On a hex-based grid, your forces of up to 12 units - or brothers as the game calls them - face their enemies in turn-based combat. The enemies don't play fair, and on some occasions can field roughly fifty combatants. To overcome such long odds, you have to use every trick in the book, and in the case of Battle Brothers, that book is anything but simplistic.
What's even better, is that the enemy AI depends on the type of enemies you're facing. Highly trained soldiers will try to pepper you with arrows, protecting their archers with a shield wall, while the common rabble can try to do the same, but given their lack of discipline, they get restless after a turn or two and just charge your position. And while even the dumbest of brigands will try to avoid your menacingly sticking-out spears, various wolves or zombies will jump onto them with reckless abandon and attempt to drown you in bodies.
To deal with such a variety of enemy tactics, you have a wide range of tricks up your sleeve. Every type of weapon has its own unique move set - spears can prevent enemies from getting too close, axes can make short work of any shield, flails are good at delivering critical blows to the head, and so on.
To hit with an attack, you have to succeed in a roll where your melee or ranged skill attempts to overcome your enemy's defense skill. Some weapons, like swords and crossbows, provide a bonus to accuracy, and as such are better suited for your rookies.
The 1-hex radius around every character is their Zone of Control. Leaving it without using one of the specialized movement skills provokes an attack of opportunity.
Fighters on the battlefield, unless they are undead, tire. Every skill costs fatigue and as your fatigue bar fills, you won't be able to use as many or as powerful attacks, turning prolonged engagements into these visceral slugfests where both sides can barely lift their arms but have to kill one another regardless.
Fatigue replenishes after the fight is over but health doesn't. Health, as well as any wounds sustained, has to be treated over time, giving you one more thing to worry about. And in case one of your brothers falls in battle, there's a good chance they die for good. And if they do manage to survive, they will be forever scarred with some nasty permanent injury.
All in all, there are a lot of intricacies to the combat system. Just one example would be destroying your enemy's shield. Sure, it makes them more vulnerable but at the same time, shieldless, holding the weapon in both hands, said enemy can dish out more damage and becomes much more dangerous to your brothers.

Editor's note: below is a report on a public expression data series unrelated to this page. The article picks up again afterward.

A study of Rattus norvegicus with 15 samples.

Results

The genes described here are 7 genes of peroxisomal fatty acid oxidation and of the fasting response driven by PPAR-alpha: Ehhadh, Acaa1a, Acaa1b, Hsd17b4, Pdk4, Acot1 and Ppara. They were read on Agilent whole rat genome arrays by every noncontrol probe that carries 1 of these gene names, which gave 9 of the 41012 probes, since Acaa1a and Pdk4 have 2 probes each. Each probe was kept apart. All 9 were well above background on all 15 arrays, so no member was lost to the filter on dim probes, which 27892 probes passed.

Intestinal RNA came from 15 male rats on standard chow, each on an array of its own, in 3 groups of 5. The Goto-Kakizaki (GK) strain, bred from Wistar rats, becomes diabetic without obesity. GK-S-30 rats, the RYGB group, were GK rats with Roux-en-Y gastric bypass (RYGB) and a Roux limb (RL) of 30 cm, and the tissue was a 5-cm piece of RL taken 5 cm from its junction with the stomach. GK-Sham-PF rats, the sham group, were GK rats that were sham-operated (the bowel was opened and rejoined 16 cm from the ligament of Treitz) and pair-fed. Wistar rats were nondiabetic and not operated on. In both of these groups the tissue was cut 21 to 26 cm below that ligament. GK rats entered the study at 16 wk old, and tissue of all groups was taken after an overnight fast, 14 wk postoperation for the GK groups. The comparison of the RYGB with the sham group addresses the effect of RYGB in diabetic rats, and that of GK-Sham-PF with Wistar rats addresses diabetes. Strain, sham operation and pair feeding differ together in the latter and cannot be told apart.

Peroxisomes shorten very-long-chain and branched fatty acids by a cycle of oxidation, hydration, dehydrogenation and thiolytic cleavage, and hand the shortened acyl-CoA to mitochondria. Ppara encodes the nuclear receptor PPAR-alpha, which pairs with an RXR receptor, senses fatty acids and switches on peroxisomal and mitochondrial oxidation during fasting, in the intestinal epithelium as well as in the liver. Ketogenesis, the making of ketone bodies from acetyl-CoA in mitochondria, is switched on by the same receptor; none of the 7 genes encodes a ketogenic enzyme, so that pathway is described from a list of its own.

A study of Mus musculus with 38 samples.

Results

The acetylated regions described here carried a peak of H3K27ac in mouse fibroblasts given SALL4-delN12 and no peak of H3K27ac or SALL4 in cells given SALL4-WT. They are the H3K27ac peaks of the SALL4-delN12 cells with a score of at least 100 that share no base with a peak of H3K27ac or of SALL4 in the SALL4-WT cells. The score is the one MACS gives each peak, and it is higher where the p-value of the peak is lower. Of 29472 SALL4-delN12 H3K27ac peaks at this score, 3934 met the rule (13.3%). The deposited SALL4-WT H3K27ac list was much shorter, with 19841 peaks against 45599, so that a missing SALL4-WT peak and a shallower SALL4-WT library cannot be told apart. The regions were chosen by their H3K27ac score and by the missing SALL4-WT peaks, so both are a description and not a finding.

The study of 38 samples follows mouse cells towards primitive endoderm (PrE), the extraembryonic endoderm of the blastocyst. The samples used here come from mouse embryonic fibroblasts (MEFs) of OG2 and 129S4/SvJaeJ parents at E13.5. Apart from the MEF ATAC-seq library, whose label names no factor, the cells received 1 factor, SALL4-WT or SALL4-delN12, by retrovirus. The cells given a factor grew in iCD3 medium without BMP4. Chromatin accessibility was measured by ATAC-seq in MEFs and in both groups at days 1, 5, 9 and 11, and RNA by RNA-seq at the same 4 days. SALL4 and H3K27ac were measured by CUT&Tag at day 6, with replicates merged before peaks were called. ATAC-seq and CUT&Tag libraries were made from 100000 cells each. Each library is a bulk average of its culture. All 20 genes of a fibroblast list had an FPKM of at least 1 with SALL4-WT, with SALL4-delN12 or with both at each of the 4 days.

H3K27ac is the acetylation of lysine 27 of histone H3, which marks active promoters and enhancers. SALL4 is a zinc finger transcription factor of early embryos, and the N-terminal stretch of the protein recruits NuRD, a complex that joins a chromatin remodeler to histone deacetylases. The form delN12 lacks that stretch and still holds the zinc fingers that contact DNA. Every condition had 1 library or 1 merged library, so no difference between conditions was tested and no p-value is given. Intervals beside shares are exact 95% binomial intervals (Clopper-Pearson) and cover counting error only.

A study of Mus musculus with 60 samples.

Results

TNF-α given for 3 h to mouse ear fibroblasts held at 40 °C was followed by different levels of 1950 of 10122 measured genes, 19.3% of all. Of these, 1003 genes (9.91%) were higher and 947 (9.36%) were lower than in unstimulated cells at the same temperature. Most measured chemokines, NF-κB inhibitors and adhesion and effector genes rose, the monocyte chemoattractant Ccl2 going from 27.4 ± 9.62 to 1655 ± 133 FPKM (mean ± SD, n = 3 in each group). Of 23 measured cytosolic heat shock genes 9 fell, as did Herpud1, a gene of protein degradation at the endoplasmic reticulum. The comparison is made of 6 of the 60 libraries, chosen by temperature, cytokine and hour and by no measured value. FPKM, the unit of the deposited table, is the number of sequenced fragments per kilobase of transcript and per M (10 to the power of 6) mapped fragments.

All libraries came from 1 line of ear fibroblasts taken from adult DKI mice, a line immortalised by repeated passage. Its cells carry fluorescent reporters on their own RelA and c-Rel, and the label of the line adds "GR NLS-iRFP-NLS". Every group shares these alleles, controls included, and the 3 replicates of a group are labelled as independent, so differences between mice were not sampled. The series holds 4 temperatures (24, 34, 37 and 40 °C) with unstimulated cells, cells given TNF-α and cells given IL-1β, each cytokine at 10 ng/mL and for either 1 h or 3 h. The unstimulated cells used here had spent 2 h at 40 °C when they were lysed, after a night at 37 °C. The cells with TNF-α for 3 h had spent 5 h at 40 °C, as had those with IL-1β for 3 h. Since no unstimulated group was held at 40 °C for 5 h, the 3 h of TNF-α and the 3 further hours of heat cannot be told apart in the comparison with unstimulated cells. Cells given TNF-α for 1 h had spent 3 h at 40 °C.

While, overall, combat is extremely satisfying and there is little more epic than facing off against a tireless phalanx of Ancient Dead, or being forced into a tough contract that pits your undergeared company against a hardened Orc war party, there's one thing that sours the experience.
You fight your enemies full medieval style where two lines of fighters advance towards one another in an open field with maybe a few trees sprinkled here and there or an occasional swamp. And while such approach is fine for a noble house, a mercenary company shouldn't be beholden to such standards. I would have liked to see larger obstacles, urban multilevel combat, storming fortifications, and the like. The worst part is that when you learn the AI tactics, varied as they may be, fighting any kind of enemy becomes formulaic with such little variety in the battle arenas. The underlying combat systems are quite fun, and confining them to mere line combat was a mistake, in my opinion.
Overwhelming Yet Intuitive
When you first start playing Battle Brothers, it feels like you have an ocean of options before you. You can have a party of up to 12 characters plus a reserve roster of 8, these characters seem to have 16 stats, every weapon has a different move set, every character has a number of unique traits and a pool of 49 perks to choose from. And this is just the tip of the proverbial iceberg.
However, as you play the game you realize that things aren't as convoluted as they initially seem. All those stats boil down to a few important ones and the rest are there just to keep you appraised of your brothers' gear condition and such. Perks open up in a tiered fashion and don't require careful pathing. And after trying all the weapons out you quickly get the feel for what's what.
Despite how overwhelming the game may seem initially, it's actually extremely intuitive. It adds another, preliminary, step to the old "easy to learn, difficult to master" formula, which is "intimidating to get into." But steel yourself, jump in, and soon you'll be navigating the intricate waters of Battle Brothers as if it were a game you knew for decades.
In case you want to test your skills in consequence-free combat situations, the game offers a set of scenarios that aren't a part of the campaign. You can learn a few tricks there before jumping into the main game. And if you find some of the game's aspects confusing, one of the menu buttons takes you directly to YouTube where you can watch detailed video tutorials created by the developers. This isn't the most elegant solution but as I've said, this shouldn't be necessary, as you are quite likely to figure things out on your own.